The state dropped from 28 to 31 among other states in the findings, which are being released Tuesday as part of the Annie E. Casey Foundation’s 25th annual Kids Count, which weighs 16 factors in the areas of economic well-being, education, health, and family and community.

“We are working in the right direction in most areas,” said Thale Dillon, director of Montana Kids Count. “I think making a big deal out of our three-spot drop in ranking is not necessarily meaningful because what we should look at is how we’re moving ahead in these areas – not necessarily how we’re moving in relation to other states.”

While Montana retained its rank of 14 in the family and community area and remained No. 50 for children’s health, the state also dropped from 15 to 25 for economic well-being and from 13 to 21 in education.

“Even though we didn’t do poorly necessarily, other states did much better,” Dillon said of the declines in economic well-being and education.

The rankings are based on data from 2008 to 2013 compared to a base year. None of the base years are the most recent year.

In Montana, choosing a base year helps to show the long-term trend rather than the peaks and valleys that anomalies can cause, Dillon said.

“And that’s what you need to focus on, not the changes from one year to the next,” she said.

Despite the overall drop, there were several bright spots in the compiled data, including fewer teen births, fewer teens abusing drugs or alcohol, and more high school students graduating on time while more youngsters are participating in preschool programs.

Here’s how Montana fared in each of the four general areas:

Economic well-being

The state dropped 10 spots to 25 in the economic well-being assessment. The percentage of children living in poverty in 2012 remained unchanged from the 2005 percentage of 20 percent. The number of teens not in school and not working also remained unchanged at 10 percent in both 2008 and 2012.

“I think that’s a symptom of teenagers not being ready to work once they graduate high school,” Dillon said, adding that several programs are aimed at increasing student job skills before graduation.

More children are living in households where the housing cost is a third or more of the monthly income (31 percent in 2012 compared to 30 percent in 2005), and the percentage of children whose parents lack secure employment increased a percentage point from 2008 to 30 percent in 2012.


Montana dropped in ranking to 21st in the education area, even though preschool attendance and on-time high school graduation rates are up.

The number of children not attending preschool improved (60 percent in 2010-2012 over 63 percent from 2005-2007). High school students not graduating on time also decreased by 4 percent in 2011-12 from 2005-06, when the number was at 18 percent.

Eighth-graders are doing better in math, with 60 percent not proficient in math, down 4 percent in 2013 from 2005. However, the number of fourth-grade students who aren’t proficient in reading increased a percentage point from 2005 to 65 percent in 2013.

A current push to create more early childhood education opportunities for young Montanans will pay off long-term and the state likely will see improved statistics across the board in education, Dillon said.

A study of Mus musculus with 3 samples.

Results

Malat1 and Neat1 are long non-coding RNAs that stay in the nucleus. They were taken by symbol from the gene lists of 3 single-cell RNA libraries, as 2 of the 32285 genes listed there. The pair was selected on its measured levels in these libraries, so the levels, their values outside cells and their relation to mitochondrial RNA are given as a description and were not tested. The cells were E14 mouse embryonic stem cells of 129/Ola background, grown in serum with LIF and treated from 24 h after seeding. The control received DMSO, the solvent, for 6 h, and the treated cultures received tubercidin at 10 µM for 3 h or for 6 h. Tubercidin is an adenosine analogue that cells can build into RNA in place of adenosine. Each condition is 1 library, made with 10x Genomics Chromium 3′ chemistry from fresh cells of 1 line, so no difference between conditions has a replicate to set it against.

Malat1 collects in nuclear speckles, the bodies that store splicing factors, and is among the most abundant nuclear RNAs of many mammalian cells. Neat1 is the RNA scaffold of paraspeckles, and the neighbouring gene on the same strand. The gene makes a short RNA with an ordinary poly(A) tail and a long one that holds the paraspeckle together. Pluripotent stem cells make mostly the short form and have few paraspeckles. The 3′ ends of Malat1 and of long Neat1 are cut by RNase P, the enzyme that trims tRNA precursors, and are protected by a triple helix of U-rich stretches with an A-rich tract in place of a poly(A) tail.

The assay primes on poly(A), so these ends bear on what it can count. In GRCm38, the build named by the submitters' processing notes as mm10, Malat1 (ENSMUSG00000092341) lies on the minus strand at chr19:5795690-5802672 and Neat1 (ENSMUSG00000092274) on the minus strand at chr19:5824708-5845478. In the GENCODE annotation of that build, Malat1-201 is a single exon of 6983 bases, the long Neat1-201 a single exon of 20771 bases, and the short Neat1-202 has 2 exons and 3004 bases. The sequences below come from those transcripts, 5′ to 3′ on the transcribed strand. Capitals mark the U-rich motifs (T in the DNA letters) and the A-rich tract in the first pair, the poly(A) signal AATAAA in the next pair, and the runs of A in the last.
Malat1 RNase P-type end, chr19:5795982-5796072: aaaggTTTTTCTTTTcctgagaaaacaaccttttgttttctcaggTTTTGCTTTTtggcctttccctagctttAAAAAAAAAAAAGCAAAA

Up to now, most of the increase in the number of children in preschool settings has been privately driven, as parents and providers realize the impact of early development, she said.

“It’s moved beyond just babysitting in the past few years to a bona fide educational environment,” she added.

Family and community

Despite improvements in the number of children living in high-poverty areas (7 percent in 2008-12 versus 8 percent in 2000) and in the number of teen births per 1,000 (29 in 2012 compared to 35 in 2005), Montana held steady in its ranking of 14 for the family and community area.

More children are living in single-parent families (30 percent in 2012, up 2 percent from 2005).

However, the statistic doesn’t take into account whether the single parent is in a relationship with the child’s other parent, Dillon said.



Montana’s standing in the health rating remained “abysmal,” Dillon said.

Although the rate of low-birthweight babies worsened (7.4 percent of babies in 2012 compared to 6.6 percent in 2005), Montana’s rate is still better than the national average, she said.

Three percent fewer children were without health insurance, at 11 percent in 2012 compared to 2008, a shift that mirrors the national trend and one that Dillon said she expects to continue as more families take advantage of the state’s Healthy Montana Kids program.

The number of teens who abuse alcohol or drugs dropped significantly, from 14 percent in 2005-06 to 9 percent in 2011-12.

The success can be attributed to programs that take an environmental approach to the issue and educate parents about the detrimental impacts of alcohol and drugs, as well as following good carding practices at alcohol retailers, Dillon said.

Children and teen deaths per 100,000 increased, though. In 2010, 45 of 108 deaths were for children between the ages of 1 and 19, up from 44 in 2005.

Motor vehicle crashes remain a top concern in the child and teen death statistics, as does suicide, Dillon said.

“The majority is due to motor vehicle crashes. It’s a particularly deadly state that we’re living in when it comes to driving,” she said.

Improved awareness about the importance of seat belts could help decrease the death rate, she added.

“Clearly a lot of people are either not reading the billboards or listening to the public service announcements or they don’t believe in them, because our seat-belt usage rate is not improving,” Dillon said.